Patrocles turns up in the current cinematic version of Homer's epic as Achilles' cousin. And only his cousin- which makes it kind of weird that Achilles would be completely heartbroken by his death, and go through all the ritual of deep grieving due to said cousin's death. Implication in the original Iliad suggests that Patrocles is in fact Achilles' bedmate.
Now, much displeasure has been vented on this in various people's LJs, to the tune of: OMFG how dare you write out the fact they were lovers and invent that they were cousins!
I mention 'in various people's LJs' because I've seen this rant a few times now, and unfortunately, there's a flaw in it. See, our 'brilliant' screenplay 'author' did not invent this kinship.
Here's how it works.
RELATIONSHIP NUMBER ONE!
There's a nice chart here, which details the relationships of blood that appear in The Iliad.
Here we find that Achilles was the son of Peleus and Thetis (the couple getting married at the beginning of the Iliad, when Eris pitches in the golden apple and kicks off the whole Trojan war).
We also learn that Achilles's father, Peleus, was the son of Aeacus: his mother and her family are not part of the 'historical record'. Aeacus, however, was the son of Aegina and Actor.
Aegina and Actor had a second son in their household:
Menoetius. Menoetius begat Patrocles.
This makes of Patrocles a relative of Peleus... and thereby, a relative of Achilles.
But there's another aspect to this, too!
RELATIONSHIP NUMBER TWO!
There is also, on the same site, a fairly thorough play-by-play of Patrocles' involvement in things in the Iliad here. Scroll on down this page to the title 'Family', for more information about where Patroclus comes from genetically-speaking. We find that he's Menoetius' son by one of four women.
I can't dig up diddly about the first possible mother's parentage (nor is it offered on the site I'm using as reference).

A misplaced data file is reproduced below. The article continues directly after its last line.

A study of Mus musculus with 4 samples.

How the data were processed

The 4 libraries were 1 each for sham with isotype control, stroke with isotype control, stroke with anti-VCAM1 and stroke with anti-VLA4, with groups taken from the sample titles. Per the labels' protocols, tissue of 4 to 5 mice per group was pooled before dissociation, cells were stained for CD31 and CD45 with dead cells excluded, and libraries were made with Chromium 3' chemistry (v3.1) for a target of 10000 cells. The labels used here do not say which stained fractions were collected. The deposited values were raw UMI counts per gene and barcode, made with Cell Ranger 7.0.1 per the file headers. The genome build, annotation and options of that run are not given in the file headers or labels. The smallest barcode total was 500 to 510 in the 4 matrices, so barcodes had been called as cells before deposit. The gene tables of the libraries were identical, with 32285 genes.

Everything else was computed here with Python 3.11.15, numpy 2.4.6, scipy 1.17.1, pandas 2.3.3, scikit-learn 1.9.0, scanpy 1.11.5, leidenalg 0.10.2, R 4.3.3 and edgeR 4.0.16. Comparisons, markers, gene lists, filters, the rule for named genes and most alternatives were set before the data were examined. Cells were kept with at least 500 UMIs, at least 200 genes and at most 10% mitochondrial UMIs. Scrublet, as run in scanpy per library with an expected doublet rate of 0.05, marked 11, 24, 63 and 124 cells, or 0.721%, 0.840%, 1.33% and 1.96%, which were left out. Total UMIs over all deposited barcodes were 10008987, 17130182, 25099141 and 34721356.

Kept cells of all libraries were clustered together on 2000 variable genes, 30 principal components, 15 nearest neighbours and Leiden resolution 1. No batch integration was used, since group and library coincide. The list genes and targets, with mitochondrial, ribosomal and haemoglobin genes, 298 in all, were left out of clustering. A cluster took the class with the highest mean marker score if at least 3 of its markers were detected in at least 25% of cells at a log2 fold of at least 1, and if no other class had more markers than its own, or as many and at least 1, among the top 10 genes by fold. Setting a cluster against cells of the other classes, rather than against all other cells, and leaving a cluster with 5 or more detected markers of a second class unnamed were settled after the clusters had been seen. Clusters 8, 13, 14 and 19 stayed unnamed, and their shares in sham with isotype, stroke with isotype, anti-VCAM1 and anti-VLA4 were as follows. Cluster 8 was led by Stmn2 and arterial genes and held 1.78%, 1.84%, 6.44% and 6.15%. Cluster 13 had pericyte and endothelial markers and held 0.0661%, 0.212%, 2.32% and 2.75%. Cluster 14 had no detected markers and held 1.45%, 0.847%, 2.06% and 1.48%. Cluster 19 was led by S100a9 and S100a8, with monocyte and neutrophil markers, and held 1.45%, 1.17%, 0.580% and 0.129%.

The second possible mother is a possible link to the Argonauts. As Daddy was an Argonaut himself, this possibility smells quite strong to me. However, as nothing's set in stone, let's look at the other possibilities.
The third possible mother is a descendant of Aeolus, who was Patroclus' great-great-grandfather (Aeolus -> Deion -> Actor -> Menoetius -> Patroclus). Actor apparently had two children in his household: one was Menoetius, who is Zeus' son, but he also begat with Menoetius' mother a child named Aeacus, who begat Peleus, who begat Achilles.
The fourth possible mother for Patroclus is Achilles' half-sister Polymele. Same father as Achilles, but Polymele was begat upon Peleus' first wife, Antigone.
Now, 'cousin' may not be the right word for your mom's halfbrother (I think you'd just call him 'uncle'), but it does suit a fellow grandson of your grandmother.
Now note: I am not saying that Patroclus and Achilles weren't lovers. Chopping that implicitly-stated aspect out of the story is editing, indeed, and pretty damn annoying. But they didn't make up the relations bit: that follows with who both Achilles' and Patroclus' fathers were, and also in two out of three lineage-traceable possible mothers for Patrocles.
You may now freely be pissed off that they're bowdlerizing the lovers bit. Be loud, be extravagantly pissed. But please, for the sake of accuracy, stop bitching they are being described as cousins.
it's possible that they were not intended to be viewed as cousins by the original author (or authors) of the Iliad. It's possible that they were, too. The Truth? Probably not ever gonna be known.
The point I'm trying for here is: they COULD HAVE BEEN cousins, sure- but really, that doesn't give this screenplay's bowdlerizations any more coin.